Here’s the cycle that follows for the next several weeks:
Dr. Ivy increases Dora’s ADHD medication dose eversoslightly. “The guiding principle on dosage increases is low and slow,” says Dr. Ivy, too many times to count. She hyper-articulates “low and slow” as if she is on Sesame Street teeing up a song about things that are low and slow, like snails or a bad pitch.
After the increase, Dora becomes our wonderful, beautiful, happy little girl again.
It’s been many years, or maybe never since we’ve seen our calm, sweet, “in-control” kid again and I am elated. Elated.
On the seventh day, Dora becomes increasingly irritable for the next two days until she is riding the mechanical bull of irrational emotions.
These “tantrums” are entirely new and they go to eleven. They involve the kind of anger and snark you might expect from an irritable fifteen year-old, not a nine year-old. They involve tears and a clammy forehead and “not feeling well”. They involve anger and sadness and anger again and sweating and needing to lie down.
Wow, look at the bullet we dodged when she was little, I marvel to David, This must be what kid ‘tantrums’ look like!
After an hour, the tantrum ends like a fiery plane crash in a mess of sadness, exhaustion and wet-cheeked sleep, after which I leave an urgent, after-hours message for Dr. Ivy.
The next morning Dr Ivy returns my call, reminding me of her phone consultation fee at the start of each discussion before assuring us that Dora’s behavior is “completely normal” and instructing us to increase Dora’s dose again. “We’ll go low and slow until Dora reaches an efficacious dose,” at which point “her behaviors will level out.”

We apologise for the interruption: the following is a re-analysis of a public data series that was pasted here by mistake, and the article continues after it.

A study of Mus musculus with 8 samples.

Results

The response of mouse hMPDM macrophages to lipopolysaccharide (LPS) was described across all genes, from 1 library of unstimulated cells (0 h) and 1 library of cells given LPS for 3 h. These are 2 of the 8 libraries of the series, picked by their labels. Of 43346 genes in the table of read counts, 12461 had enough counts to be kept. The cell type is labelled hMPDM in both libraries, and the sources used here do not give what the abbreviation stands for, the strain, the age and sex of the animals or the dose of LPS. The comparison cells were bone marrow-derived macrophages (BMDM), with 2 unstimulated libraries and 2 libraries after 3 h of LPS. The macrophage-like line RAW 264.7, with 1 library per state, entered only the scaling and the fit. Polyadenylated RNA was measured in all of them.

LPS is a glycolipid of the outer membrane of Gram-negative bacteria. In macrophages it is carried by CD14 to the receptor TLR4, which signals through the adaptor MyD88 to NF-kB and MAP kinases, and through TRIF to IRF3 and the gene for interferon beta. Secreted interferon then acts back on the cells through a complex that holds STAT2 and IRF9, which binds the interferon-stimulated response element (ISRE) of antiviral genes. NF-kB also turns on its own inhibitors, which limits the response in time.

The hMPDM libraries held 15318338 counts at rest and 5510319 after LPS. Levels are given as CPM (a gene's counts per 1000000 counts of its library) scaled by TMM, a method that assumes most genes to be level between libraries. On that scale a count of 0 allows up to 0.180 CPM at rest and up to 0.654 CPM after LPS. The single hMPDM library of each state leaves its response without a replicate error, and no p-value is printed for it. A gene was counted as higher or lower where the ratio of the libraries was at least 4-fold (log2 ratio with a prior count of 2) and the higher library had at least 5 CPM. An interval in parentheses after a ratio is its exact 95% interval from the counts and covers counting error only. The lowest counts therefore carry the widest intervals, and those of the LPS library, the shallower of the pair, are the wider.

So we increase the dose ever so slightly, rendering Dora an instant-sweetheart for the next seven days, until she isn’t.
Lather, Rinse, Repeat.
But oh, when times are good, they are extraordinary.
I can see her, my Dora. I can see her very clearly, right through the noisy interference of those chaotic ADHD signals. My Dora is Well and she is focused and she is in total command of her body. She no longer looks like she’s constantly being lightly poked with pins.
With each cycle, the crashes are less severe. <—- This is what I tell myself.
We are leveling out, I tell myself, and David, and my mother. I say it confidently, like an airline pilot announcing our up-and-out climb from that little pocket of turbulence over Salt Lake City.
I refuse to believe otherwise because I can see the future.
I see what my beautiful, Well Dora looks like, and I aim to keep her there through the miracle of modern chemistry.
It won’t be long now until we reach full efficacy.